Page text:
When childcare doesn’t cover my hours: ask the expert

I am a prison officer working shifts. My partner just left me and my daughter. I have looked for childminders, but cannot find any that will take her before 0730. I need to drop her at 0615. I requested a 9-4pm shift, but this was rejected. What should I do?

Your employer cannot just give a blanket no to your request: they have to give a good business reason why she cannot have more flexible hours. Whilst a prison is a 24-hour working environment, so are other work places such as hospitals, and many NHS trusts are now able to offer parents more flexibility in their working pattern. Whilst employers may be concerned that they’ll be opening the floodgates if they provide flexibility to one member of staff, if employers create a more family friendly working environment, they retain good staff, staff morale is higher and staff absence is reduced.

On the issue of childcare and unsociable hours: as any parent who works unsociable hours knows, organising and paying for childcare can be difficult if not a nightmare and leaves parents with some very difficult choices. Many parents are left to rely on friends, neighbours and family which means that they are not eligible to claim help with their childcare costs through the childcare element of working tax credit. Others have to resign from their jobs. This is unacceptable and parents should not be put in this position.

Under the Childcare Act 2006, Local authorities have responsibility to ensure sufficient childcare in their area. This duty means that local authorities need to “secure, so far as is reasonably practicable, that the provision of childcare (whether or not by them) is sufficient to meet the requirements of parents in their area who require childcare in order to enable them:
* To take up, or remain in work, or
* To undertake education or training which could reasonably be expected to assist them to obtain work.” (Sec 6(1))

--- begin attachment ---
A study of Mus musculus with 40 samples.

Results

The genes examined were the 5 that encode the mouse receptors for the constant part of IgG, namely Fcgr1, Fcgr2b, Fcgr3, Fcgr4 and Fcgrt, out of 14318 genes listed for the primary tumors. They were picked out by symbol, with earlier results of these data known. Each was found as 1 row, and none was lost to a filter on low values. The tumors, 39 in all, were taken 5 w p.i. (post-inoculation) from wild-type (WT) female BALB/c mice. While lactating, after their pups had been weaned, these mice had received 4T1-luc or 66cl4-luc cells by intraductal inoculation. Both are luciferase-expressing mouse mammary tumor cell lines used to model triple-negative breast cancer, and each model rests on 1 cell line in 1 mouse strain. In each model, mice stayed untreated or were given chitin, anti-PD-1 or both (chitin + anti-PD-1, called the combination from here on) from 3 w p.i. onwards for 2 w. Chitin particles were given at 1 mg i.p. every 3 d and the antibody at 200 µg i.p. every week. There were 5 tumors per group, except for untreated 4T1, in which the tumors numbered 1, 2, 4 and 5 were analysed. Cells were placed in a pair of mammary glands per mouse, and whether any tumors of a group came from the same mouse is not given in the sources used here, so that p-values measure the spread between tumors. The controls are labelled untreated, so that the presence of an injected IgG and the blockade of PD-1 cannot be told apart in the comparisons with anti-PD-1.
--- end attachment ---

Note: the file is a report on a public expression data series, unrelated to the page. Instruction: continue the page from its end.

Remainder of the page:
Sec 6(2) of the Act states that local authorities MUST have regard for the needs of parents for the provision of childcare for which the childcare element of working tax credit can be claimed.

Sec 11 states that local authorities must ensure there is sufficient flexibility with places being available at the right times (for example, in the early morning, late evenings, at weekends or during holidays), to fit in with working patterns.

You therefore need to speak to the Family Information Service of your local authority or the Early Years Team and discuss your childcare needs with them. The situation may not change over night but as the local authority have a legal duty to ensure that there is sufficient childcare, if you cannot find any to suit your working patterns, the local authority are failing in their duty.

Unfortunately it is often up to individuals to fight their cause both at work and with the local authority but if it means you are able to continue with your job and have peace of mind with your childcare arrangements, it’s worth it.


Comments [1]

  • Julie Singh says:

    Quote "…as the local authority have a legal duty to ensure that there is sufficient childcare, if you cannot find any to suit your working patterns, the local authority are failing in their duty." And what recourse, exactly, would any individual have, when, in fact, said local authority does fail in their duty? I’m thinking, precisely none. Which leaves you in the same situation you started with.